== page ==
Finland’s Lakeland Region
After flying into Helsinki, several friends and I traveled by train for 2.5 hours to the town of Mikkeli, located between lakes Puula, Kyyvesi and Saimaa. Many Finns dream of owning a summer cottage in this region, and some 10,500 of them do. During the summer, the sun only sets for a couple of hours, leaving long days of sunlight for play and relaxation. In the winter, the water turns to ice, providing ample space for skating, hockey and even cross-country skiing.
Mikkeli itself is a popular destination. Kenkävero is one of the region’s most visited attractions. This restored vicarage has impressive gardens and is home to Santa’s Summer Hideout, which children delight in visiting.
Tertin Manor is another draw. When we stopped for lunch at this historic family manor, we found a huge buffet spread filled with fresh vegetables from the manor garden, homemade breads served with honey from the grounds, as well as duck, pheasant and partridge from manor hunts.
This focus on fresh, very local products is a theme found over and over at restaurants and hotels in Finland. Whoever thinks Finnish foods are bland has not visited recently. Fresh berries, mushrooms, fish and homemade baked goods are a staple of Finnish cuisine.
Many of these fresh berries find their way into Finnish country wines, liqueurs and spirits created at Ollinmäki Winery, also located in Mikkeli. Birch sap and spruce buds are other key ingredients. The winery offers wine tastings for EUR 22, and has a restaurant on site.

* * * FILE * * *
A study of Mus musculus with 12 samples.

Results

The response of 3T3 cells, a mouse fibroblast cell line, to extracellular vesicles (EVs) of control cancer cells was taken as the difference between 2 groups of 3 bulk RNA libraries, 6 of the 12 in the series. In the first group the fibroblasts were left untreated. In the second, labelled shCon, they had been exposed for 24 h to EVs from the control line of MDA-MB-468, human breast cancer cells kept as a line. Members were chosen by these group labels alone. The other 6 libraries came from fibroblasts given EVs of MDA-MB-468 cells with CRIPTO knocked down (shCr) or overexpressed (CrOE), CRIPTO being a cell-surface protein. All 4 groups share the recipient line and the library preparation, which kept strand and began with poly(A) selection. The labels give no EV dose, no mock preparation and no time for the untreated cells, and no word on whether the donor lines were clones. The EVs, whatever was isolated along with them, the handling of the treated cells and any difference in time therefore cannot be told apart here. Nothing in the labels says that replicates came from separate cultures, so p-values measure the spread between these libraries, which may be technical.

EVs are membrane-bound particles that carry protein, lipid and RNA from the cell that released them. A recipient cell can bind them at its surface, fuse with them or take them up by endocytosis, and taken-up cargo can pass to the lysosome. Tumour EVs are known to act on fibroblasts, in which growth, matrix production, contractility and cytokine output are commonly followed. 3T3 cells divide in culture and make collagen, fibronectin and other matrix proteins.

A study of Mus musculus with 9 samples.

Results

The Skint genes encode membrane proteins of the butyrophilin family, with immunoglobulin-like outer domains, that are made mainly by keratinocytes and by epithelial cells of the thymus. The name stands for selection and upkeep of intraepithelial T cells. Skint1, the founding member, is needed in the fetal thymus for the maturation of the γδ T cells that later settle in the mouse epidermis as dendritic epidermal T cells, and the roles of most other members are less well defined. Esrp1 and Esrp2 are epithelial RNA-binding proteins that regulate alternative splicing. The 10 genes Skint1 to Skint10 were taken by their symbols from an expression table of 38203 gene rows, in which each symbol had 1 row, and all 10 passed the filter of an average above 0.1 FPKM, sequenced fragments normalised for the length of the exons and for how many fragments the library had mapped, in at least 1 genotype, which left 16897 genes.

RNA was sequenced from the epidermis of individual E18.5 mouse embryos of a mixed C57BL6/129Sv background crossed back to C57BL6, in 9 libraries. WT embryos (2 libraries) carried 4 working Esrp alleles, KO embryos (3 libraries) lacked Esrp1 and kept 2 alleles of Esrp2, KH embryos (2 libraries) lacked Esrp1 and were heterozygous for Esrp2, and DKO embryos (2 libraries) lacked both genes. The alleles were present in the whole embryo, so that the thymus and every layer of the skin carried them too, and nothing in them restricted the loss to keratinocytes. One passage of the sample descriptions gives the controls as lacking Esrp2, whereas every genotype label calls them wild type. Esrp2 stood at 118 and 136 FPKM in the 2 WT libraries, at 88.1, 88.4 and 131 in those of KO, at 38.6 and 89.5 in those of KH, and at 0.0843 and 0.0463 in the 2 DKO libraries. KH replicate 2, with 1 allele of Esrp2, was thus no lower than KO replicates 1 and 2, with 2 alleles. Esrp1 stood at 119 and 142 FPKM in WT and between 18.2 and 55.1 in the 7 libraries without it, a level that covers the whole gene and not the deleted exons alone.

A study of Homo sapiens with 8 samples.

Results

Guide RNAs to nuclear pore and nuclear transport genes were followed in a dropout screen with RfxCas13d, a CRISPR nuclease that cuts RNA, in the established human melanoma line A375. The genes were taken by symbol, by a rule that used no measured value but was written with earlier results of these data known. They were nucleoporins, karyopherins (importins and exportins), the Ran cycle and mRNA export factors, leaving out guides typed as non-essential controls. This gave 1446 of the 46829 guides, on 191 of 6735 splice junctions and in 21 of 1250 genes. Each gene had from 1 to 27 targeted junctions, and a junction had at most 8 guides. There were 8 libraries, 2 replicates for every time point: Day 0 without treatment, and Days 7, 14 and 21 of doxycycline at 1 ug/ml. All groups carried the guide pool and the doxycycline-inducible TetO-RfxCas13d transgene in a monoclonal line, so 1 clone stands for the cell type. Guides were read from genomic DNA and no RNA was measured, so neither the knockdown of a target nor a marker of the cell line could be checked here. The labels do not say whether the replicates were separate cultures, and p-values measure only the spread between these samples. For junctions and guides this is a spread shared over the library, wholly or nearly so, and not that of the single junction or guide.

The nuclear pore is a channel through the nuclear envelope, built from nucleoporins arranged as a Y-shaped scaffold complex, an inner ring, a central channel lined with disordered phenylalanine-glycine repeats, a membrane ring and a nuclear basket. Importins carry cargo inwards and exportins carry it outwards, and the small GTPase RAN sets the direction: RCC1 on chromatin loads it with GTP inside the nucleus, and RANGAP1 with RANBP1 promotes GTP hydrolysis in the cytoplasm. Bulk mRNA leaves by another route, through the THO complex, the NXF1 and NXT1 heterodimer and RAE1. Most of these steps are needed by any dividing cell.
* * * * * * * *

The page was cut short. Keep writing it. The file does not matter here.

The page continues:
But perhaps the most sought after experience here is simply being on the lake – swimming in it, boating on it, sitting alongside it with a book. After joining others on a boat, we cruised through many of Lake Saimaa’s many waterways and inlets. The lake’s deep waters are clear, surrounded by forested shoreline and dotted with islands.
It’s on one of these islands that our hunt for blueberries ensues. Through the thick trees, I hear others exclaim as they find bright blue berries and wild mushrooms, but I’m not having any luck.
“Here,” one of my Finnish friends shows me patiently, pulling up a tiny low-lying bush to display plump berries underneath. The non-assuming plant is a treasure trove, and soon berries line my basket.
“We’ll have these for dinner,” my friend exclaims. And indeed we do.
That night, at the Anttolanhovi Art & Design Villas, we hold a Finnish BBQ. The main dish is Muikku, a tiny lake fish that is a popular dish in Finland. After adding fresh herbs and spices to the tiny fish, we grill them over an open fire.
The fish are served with fresh berry drinks, local vegetables, hearty salads and homemade breads. I’m not sure if it’s the fresh air, the gorgeous lakeside location or the chef’s skills, but I love everything on the menu.